Rated: 13+ · Essay · Fantasy · #2134324
Dreams about a dead loved one brings comfort? Forgivness? Maybe or Maybe not.
Some people believe that when you dream about a dead loved one, you are looking for comfort or forgiveness. Maybe so or maybe not.

"Is this the way it always is?" Colleen wondered. "Is this what's supposed to happen when someone dies?"
The past month had left Colleen emotionally and physically drained: funeral arrangements, mourners, settling the will; all while keeping up with her routine commitments.

She had been in a constant daze, she couldn't tell when she was awake or asleep. Reality and dreams, present and memory; they were all a blur to Colleen. She reached a point of total exhaustion. She wanted a long night's sleep, undisturbed by the world of the living or the dead, and tonight she was going to have it.

Her bed felt delicious. She reached over to the nightstand; turned off the alarm and turned on the radio. The music was vaguely familiar, it was a wild capriccio with violin solo. It could have been her father playing. This was his type of music and the violin his instrument. A happy memory from childhood.

The violin solo faded-in-and-out as Colleen sat at the table peeling potatoes. "Why am I doing this now?" she wondered. "I wanted to go to bed. Who started the egg timer? I don't remember starting it?" The music finally faded away completely, only the timer continued to dutifully tick off each second uninterrupted. All Colleen heard now was the ticking of passing time and scraping of the blade across the potatoes. She couldn't tell if she was still awake or asleep, and she was too tired to care.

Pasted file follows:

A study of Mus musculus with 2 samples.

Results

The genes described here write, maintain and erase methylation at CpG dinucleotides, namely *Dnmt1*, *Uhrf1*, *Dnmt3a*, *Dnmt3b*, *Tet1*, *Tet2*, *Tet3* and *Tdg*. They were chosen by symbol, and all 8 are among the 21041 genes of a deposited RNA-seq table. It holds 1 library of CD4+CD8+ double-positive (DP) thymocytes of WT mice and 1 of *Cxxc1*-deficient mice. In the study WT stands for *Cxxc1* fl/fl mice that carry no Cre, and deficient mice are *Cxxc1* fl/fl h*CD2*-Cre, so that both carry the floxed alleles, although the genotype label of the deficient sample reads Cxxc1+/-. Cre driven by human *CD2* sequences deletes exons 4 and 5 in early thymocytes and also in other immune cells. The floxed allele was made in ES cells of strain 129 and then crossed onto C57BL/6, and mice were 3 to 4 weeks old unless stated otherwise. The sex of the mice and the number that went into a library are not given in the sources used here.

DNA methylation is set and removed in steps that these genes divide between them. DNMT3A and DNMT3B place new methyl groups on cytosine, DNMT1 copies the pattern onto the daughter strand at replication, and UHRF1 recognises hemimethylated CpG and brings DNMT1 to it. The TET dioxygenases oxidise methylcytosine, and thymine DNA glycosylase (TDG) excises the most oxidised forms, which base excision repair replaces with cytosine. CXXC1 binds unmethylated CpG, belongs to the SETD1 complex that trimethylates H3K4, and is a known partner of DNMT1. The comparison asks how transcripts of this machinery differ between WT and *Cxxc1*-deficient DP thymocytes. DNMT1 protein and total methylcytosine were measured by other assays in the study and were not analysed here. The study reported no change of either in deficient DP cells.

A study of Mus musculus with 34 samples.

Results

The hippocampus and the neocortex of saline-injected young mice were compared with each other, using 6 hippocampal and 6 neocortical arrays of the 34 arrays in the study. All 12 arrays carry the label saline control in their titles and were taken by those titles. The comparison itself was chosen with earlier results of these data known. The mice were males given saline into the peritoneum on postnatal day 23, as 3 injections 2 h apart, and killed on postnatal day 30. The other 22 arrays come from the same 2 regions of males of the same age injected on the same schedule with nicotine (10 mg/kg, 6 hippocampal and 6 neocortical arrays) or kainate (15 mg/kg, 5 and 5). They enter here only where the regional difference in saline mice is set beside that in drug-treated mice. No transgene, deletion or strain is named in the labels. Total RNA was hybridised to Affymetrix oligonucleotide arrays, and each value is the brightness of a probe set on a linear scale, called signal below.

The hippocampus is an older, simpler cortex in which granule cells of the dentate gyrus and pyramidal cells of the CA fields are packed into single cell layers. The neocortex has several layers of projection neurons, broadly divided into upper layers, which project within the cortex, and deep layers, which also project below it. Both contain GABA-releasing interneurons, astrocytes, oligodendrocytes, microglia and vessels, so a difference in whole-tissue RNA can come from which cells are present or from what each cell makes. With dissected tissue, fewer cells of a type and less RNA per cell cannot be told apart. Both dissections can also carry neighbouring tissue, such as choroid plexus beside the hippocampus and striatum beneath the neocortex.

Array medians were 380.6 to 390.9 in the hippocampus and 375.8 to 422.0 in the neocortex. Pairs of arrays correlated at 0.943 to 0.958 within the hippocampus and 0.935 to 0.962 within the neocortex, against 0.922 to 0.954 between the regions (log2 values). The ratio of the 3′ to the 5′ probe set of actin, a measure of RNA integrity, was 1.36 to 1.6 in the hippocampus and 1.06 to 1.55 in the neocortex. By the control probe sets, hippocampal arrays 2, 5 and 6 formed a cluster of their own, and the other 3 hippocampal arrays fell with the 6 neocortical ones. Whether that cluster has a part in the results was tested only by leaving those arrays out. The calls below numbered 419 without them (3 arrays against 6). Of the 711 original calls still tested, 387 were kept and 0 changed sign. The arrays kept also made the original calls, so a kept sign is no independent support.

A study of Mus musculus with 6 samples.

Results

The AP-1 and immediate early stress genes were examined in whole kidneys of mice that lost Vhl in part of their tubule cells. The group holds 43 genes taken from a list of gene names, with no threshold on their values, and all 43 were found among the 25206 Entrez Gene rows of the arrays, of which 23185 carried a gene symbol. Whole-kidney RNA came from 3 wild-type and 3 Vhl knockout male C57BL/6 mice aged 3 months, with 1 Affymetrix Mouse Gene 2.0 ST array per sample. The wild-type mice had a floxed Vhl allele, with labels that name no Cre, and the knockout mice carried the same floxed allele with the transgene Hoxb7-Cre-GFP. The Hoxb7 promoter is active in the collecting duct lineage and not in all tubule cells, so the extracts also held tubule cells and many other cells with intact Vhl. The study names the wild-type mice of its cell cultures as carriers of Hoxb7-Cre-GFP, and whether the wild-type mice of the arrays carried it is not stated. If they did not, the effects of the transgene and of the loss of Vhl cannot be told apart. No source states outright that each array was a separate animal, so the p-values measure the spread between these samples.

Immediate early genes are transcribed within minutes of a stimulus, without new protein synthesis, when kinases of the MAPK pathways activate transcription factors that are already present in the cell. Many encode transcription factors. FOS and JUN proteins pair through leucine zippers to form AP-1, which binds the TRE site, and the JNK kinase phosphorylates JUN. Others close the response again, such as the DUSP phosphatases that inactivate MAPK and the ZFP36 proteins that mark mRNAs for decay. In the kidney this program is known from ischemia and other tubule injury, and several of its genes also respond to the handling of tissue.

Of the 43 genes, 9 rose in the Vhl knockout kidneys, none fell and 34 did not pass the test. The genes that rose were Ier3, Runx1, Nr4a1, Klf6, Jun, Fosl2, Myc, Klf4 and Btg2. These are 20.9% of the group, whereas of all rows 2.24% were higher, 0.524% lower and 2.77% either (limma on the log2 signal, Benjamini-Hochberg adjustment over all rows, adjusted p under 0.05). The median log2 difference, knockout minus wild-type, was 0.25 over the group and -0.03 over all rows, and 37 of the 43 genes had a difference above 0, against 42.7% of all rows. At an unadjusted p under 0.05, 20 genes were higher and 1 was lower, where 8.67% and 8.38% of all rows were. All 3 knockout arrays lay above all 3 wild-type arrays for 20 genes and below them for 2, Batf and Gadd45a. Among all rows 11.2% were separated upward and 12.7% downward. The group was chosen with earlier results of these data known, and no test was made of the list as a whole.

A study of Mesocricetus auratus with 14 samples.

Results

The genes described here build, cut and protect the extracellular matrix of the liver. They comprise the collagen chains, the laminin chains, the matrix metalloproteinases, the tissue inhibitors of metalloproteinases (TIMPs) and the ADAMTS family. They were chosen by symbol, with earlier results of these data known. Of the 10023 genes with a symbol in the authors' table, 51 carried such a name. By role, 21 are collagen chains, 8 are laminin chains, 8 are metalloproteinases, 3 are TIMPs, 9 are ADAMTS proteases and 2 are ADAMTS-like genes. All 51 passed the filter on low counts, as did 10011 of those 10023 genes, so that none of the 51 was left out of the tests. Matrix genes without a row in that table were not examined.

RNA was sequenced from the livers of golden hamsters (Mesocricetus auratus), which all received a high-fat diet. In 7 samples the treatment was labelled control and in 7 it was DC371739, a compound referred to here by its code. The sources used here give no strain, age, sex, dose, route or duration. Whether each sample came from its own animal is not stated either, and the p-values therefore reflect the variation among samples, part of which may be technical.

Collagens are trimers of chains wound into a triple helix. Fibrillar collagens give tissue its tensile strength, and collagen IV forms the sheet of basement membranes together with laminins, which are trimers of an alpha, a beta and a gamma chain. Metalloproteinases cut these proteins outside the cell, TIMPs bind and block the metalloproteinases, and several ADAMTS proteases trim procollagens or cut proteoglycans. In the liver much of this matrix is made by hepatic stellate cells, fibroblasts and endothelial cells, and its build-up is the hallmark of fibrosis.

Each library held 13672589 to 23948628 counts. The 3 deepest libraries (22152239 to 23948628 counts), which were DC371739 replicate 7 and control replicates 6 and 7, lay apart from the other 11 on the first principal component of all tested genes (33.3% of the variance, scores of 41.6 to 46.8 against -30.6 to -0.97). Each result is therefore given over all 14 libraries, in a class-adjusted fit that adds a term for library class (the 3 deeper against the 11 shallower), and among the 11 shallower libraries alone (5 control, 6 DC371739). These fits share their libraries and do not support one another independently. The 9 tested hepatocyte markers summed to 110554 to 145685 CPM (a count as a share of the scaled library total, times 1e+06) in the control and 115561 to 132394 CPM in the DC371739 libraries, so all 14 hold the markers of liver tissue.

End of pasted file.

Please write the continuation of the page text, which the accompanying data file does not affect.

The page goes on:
Slowly, the room started to brighten, gradually filling with that cool blue pre-dawn glow of an overcast morning. It changed so slowly Colleen wasn't aware it was happening, not until the entire kitchen was washed out by the light. It filled every part of the room, blotting out everything across the table from where she sat.

Now there was a new series of noises. First a door latch, then a door opening and someone walking across the room. Looking up, Colleen saw her father step out of the light.

"Pa, is that you?" she asked. Colleen couldn't take her eyes off of him; there was no way he could be here. He was dead, over a month now; he was dead. But here he was, looking young and as handsome as she remembered him while Colleen was growing up. His soft, sad smile was unmistakable; the contrite expression he always wore whenever he told Colleen "I'm sorry". "How many times did he say that?" she lamented

"What do you want Pa?" she asked.

Before her father could answer, Colleen heard the familiar Banshee trill of her sister Lisa, the beginning of another "episode". Those manic episodes that started in Lisa's childhood and escalated to daily rants out her bedroom window as an adult. The whole neighborhood would hear her twisted mind unravel. Colleen's parents were powerless to stop it.

No one ever knew what was wrong with Lisa; the doctors never figured it out. Lisa and Colleen grew up in a time when the best treatment available for a dysfunctional mind or emotional disorder was commitment to an asylum or electro-static shock. Their parents could "calm" Lisa as a child by offering appeasement, bribing her with some gift. Frequently, that present was originally for Colleen. Almost every time Lisa got bribed, Colleen saw her father's sad smile, accompanied by "I'm sorry".

Colleen gave up birthday gifts, cancelled visits from friends, and eventually gave up any expectations she had about getting her grandmother's heirloom ring or going to college, since her parents spent whatever savings they had on doctors' treatments for Lisa. Each disappointment came with "I'm sorry".

"So Pa, why is she here?" asked Colleen. "What is Lisa getting this time to shut her up"?

"Me," said Colleen's father.

The man who stood before Colleen now resembled the bent and worn man she visited in the hospital before he died.
Colleen's father turned away in silence; walking back through the light where he originally emerged. Colleen was alone now, just silence and the peeled potatoes on the table.

The silent egg timer suddenly chirped. In a half-awake stupor, Colleen reached across her nightstand to silence the alarm she failed to disable.

She laid in silence, wondering what had happened to her. Finally, Colleen rolled over and cried herself back to sleep.